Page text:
KEY, Lieven de
(b. ca. 1560, Gent, d. 1627, Haarlem)
Dutch architect of Flemish origin. As a Protestant he sought refuge in London in 1580, but returned to Europe in 1590 and settled in Haarlem, where he was employed by the civic authorities as a mason from November 1591. On 3 July 1593 he was promoted to municipal mason and carpenter in succession to Willem den Abt. A year later he was called to Leiden to design a façade for the existing town hall: his work there is one of the richest examples of Dutch Mannerist architecture.
De Key's main works were executed in Haarlem. In 1601 he collaborated with the city carpenter Claes Pietersz. to produce two designs for a Butchers' Hall (Vleeshal); the one by de Key was implemented, and it is his most important work. The hall is a right-angled brick building, liberally decorated with boldly cut blocks of sandstone and scrollwork ornament.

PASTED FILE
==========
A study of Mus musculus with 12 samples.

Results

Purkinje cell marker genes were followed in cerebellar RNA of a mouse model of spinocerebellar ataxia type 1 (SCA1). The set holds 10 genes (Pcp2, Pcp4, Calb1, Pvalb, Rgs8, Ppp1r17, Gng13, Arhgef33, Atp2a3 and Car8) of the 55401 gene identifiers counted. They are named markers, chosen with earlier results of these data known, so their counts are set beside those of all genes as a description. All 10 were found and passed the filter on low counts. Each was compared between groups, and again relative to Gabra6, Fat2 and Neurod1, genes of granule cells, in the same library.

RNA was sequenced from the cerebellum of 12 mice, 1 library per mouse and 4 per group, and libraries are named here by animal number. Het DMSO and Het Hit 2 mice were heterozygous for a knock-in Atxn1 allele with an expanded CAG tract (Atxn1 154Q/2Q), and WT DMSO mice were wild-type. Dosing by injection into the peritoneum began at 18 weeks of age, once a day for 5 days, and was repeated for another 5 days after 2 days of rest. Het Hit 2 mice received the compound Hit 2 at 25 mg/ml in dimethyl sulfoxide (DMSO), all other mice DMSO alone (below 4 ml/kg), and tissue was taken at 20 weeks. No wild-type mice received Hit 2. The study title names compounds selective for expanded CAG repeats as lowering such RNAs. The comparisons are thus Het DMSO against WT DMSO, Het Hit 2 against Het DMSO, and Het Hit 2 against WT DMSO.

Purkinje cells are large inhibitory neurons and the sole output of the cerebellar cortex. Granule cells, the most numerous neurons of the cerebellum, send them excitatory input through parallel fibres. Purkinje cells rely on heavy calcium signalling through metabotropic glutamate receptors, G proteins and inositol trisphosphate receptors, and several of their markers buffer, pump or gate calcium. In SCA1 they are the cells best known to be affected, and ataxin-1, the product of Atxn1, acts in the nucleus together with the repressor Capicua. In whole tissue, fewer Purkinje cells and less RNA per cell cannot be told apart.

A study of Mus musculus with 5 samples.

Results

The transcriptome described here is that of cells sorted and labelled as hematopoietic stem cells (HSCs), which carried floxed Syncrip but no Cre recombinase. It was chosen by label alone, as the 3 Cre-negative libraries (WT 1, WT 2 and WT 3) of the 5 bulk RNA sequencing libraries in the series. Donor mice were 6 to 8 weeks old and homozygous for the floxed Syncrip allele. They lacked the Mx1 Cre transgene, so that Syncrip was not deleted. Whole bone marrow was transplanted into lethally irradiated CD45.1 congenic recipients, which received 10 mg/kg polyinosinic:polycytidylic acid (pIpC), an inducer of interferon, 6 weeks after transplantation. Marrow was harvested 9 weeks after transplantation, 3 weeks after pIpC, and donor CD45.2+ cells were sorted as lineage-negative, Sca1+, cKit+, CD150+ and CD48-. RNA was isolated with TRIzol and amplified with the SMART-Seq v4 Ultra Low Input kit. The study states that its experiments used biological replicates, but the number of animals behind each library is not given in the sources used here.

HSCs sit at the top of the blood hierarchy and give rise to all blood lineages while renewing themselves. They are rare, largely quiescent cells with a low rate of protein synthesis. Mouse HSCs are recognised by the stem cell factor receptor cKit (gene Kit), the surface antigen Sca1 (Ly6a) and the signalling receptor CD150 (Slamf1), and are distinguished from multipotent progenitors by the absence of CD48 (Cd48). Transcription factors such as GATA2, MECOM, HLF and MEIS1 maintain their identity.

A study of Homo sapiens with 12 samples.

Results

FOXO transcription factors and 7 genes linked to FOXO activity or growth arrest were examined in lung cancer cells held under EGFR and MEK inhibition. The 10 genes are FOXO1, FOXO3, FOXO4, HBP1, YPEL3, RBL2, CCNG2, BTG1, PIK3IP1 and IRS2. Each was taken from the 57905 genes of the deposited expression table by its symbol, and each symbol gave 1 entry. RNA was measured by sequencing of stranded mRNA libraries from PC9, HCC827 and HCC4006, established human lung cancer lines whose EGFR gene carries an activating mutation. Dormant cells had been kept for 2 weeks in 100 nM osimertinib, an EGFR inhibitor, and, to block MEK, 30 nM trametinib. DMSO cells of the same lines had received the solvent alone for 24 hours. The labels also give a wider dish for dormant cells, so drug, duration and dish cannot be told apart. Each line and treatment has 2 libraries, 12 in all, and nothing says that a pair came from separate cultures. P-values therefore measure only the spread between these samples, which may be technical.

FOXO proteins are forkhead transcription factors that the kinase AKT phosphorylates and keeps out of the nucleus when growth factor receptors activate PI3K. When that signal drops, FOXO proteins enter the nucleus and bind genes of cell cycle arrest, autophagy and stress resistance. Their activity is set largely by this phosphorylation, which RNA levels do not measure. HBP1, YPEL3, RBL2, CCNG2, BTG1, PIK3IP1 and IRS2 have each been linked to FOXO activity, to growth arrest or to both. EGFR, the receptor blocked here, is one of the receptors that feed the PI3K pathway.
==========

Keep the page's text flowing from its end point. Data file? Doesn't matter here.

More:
In 1613 de Key built a new picturesque tower for the church of St Anna (destroyed 1644; replaced in 1645 by the Nieuwe Kerk of Jacob van Campen). On the foundations of the medieval tower a rubble balustrade was built around an octagonal brick base out of which a lead-covered wooden spire rose, crowned with an obelisk.
The last known work by de Key is the façade of the new side wing of Haarlem Town Hall (1620). Three years after his death it was extended to meet the front elevation.
Lieven de Key was one of the leading architects of the Dutch Renaissance in the manner of Hans Vredeman de Vries. From his early training as a mason, he retained a feel for the use of materials, and he showed a skilled knowledge of proportions and a liking for elegant decoration. The masons of Haarlem were greatly influenced by his work; during the first half of the 17th century many town halls were built in his style.